2008-02-01 / Community

Redfern Rally: End 'Culture ofViolence'

By Miriam Rosenberg

Rev. Sherwin James (in ski cap) of the Bethel AME Church leads a prayer circle prior to the march around the complex. Also in the photo are Rev. Leslie Mullings, building resident Teresa Scott and Rockaway resident Les Paultre. Rev. Sherwin James (in ski cap) of the Bethel AME Church leads a prayer circle prior to the march around the complex. Also in the photo are Rev. Leslie Mullings, building resident Teresa Scott and Rockaway resident Les Paultre. Residents of the Redfern Houses in Far Rockaway joined with clergy this week in a rally at the sprawling public housing complex, saying that they are "fed-up with gun violence," and issuing a call for real action in ending "the culture of violence" that has taken so many young lives in the last few years - the most recent being 18 year-old Neville Ward, who was killed there on January 5.

The Day of Healing, on January 27, brought together residents, NAACP members and local clergy, as they led a group of approximately 50 people gathered on the grounds of the apartment complex, in sounding a rallying cry and a plea for non-violence.

"This [gun violence] has got to stop," said Ed Williams, the president of the Far Rockaway NAACP, who has lived in the complex for many years. "We've got to take our heads out of the pillows, like we don't know what's going down. We know what's happening. If you're not part of the solution, you're part of the problem. How many more kids do we have to go to funerals and see their parents and lives crushed over and over again?"

Ed Williams tells people at the rally it was time to take a stand. "We got to take our heads out of the pillows like we don't know what's going down. We know what's happening." Also pictured is Donovan Richards, co-advisor for the NAACP Youth Council and Pastor Dwayne Sleet, of the First Baptist Church of Far Rockaway. Photos by Miriam Rosenberg Ed Williams tells people at the rally it was time to take a stand. "We got to take our heads out of the pillows like we don't know what's going down. We know what's happening." Also pictured is Donovan Richards, co-advisor for the NAACP Youth Council and Pastor Dwayne Sleet, of the First Baptist Church of Far Rockaway. Photos by Miriam Rosenberg A furious Williams also talked about people who come up to his office at the NAACP and complain that police violate their civil rights.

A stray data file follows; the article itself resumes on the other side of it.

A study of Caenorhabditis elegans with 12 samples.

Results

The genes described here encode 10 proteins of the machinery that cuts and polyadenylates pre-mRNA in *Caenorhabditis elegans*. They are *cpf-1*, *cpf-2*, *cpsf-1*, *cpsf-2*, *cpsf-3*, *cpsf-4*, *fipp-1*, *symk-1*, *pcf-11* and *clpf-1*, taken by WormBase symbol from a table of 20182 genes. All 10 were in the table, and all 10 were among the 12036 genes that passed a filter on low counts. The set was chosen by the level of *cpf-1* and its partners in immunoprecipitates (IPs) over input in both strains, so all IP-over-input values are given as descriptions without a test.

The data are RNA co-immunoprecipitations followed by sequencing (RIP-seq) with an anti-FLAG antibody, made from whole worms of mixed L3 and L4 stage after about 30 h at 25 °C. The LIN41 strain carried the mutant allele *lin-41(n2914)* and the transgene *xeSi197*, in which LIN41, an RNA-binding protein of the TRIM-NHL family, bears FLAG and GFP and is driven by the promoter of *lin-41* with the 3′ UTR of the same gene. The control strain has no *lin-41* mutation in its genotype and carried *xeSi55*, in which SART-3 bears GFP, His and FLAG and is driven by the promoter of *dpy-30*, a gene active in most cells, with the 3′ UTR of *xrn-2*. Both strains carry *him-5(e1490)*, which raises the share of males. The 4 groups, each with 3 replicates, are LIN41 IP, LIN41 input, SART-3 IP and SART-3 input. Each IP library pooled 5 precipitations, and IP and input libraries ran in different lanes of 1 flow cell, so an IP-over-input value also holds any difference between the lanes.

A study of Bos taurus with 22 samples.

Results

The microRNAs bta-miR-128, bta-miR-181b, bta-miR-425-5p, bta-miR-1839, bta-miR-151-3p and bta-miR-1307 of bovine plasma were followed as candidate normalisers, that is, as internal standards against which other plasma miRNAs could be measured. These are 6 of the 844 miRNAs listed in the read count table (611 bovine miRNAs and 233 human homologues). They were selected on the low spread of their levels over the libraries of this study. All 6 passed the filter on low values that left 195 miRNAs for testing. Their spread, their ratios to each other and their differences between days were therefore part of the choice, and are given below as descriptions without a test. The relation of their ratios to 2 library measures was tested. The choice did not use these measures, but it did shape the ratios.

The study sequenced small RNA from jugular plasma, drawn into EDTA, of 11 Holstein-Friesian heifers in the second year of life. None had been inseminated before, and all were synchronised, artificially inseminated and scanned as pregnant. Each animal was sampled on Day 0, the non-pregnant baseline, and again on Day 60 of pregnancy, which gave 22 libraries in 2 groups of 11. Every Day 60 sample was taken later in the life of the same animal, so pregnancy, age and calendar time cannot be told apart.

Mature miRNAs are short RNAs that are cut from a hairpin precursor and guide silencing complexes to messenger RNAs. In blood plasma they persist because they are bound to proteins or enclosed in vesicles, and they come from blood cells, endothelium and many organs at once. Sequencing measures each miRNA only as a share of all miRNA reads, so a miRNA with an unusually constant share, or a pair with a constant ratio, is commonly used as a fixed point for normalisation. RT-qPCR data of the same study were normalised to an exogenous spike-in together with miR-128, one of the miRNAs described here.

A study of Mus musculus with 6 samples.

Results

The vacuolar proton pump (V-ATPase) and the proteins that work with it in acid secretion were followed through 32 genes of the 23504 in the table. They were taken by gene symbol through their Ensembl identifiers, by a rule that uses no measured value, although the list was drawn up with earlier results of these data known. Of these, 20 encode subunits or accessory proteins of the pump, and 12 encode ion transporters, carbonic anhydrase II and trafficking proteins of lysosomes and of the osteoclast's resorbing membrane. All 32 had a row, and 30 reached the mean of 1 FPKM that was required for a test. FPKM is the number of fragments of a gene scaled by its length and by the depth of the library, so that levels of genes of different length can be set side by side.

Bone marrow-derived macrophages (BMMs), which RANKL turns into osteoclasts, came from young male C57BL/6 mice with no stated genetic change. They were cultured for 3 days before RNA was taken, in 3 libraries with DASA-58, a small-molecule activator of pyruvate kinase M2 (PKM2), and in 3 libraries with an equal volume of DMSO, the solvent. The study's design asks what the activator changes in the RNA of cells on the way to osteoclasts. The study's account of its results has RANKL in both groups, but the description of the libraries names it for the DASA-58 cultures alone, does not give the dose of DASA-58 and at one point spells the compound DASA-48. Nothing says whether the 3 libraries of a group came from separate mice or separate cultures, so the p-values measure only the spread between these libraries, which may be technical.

"It ain't the police who killed the young boy who died a couple of weeks ago, or Stack Bundles who died here last summer. It wasn't the police that shot and killed him. It was us," continued Williams. "When are we going to come together and really make a difference in trying to make a change?"

Donovan Richards, the co-advisor for the NAACP youth council - which came up with the idea for the rally - echoed Williams' sentiments.

Singing the inspiration song, "We Shall Overcome" marchers rallied around the Redfern Houses calling for the end to gun violence. Singing the inspiration song, "We Shall Overcome" marchers rallied around the Redfern Houses calling for the end to gun violence. "It is no more talk," said Richards. "I'm not scared of these drug dealers here because you know what, somebody has got to sacrifice. Martin did it. Malcolm did it. That's the problem with our community today; too many people are scared to sacrifice for their community. We're tired of the damn killing."

Richards also asked local politicians to step up to the plate.

"We're calling on the New York City Housing Authority (NYCHA) to really get these guys [causing the trouble] out of here," Richards said. "We want cameras here as well, and we're not talking about asking one politician. All of them need to divvy up some funds and put these cameras in here."

State Senator Malcolm Smith has already allocated money for cameras on the complex, but the installation is tied up in red tape, NAACP officials said.

Many residents believed that the low turnout was the result of fear of retribution by gang members.

"We must step up as a community and not be afraid," said Rev. Leslie Mullins of the Community Church of the Nazarene. "We're here to take our community back [from the gangs]. It's about our kids dying in the streets every day, and we are responsible for the next generation.

"This is a start, but it needs to continue. We need to be proactive. We need to do what is right."

Most of the residents who attended the rally agreed.

"I pray that the community supports what they do, because we need help out here," said Teresa Scott. "I know we're not together like we need to be."

Geraldine Taylor said that fear keeps her from having her granddaughter over for visits. "She can't come over here no more because she's scared," said Taylor, a 14-year resident. "I'm scared too because I live on the fourth floor. I hope that it will make a difference."

Irving Privgen believes parents need to be more involved in their children's lives.

"Their parents aren't bringing them up with any respect," said Privgen about the new generation of young people in the buildings. "I don't want to blame the children. I think the parents have to take responsibility for their children. Stop staying in the house and sending their kids out to be on their own unsupervised."

Privgen also said NYCHA should be stricter with its zero tolerance for residents who are found with weapons in a public housing complex.

"They have a thing that's zero tolerance [if you're caught with a gun in the house], but the same people are still here," he said.

In March, Richards will be leading a door-to-door campaign called "I Love My Life." Joining him will be 50 youngsters from Jamaica as well as several people who signed up after the rally ended.

Local church leaders have pledged to assist as well.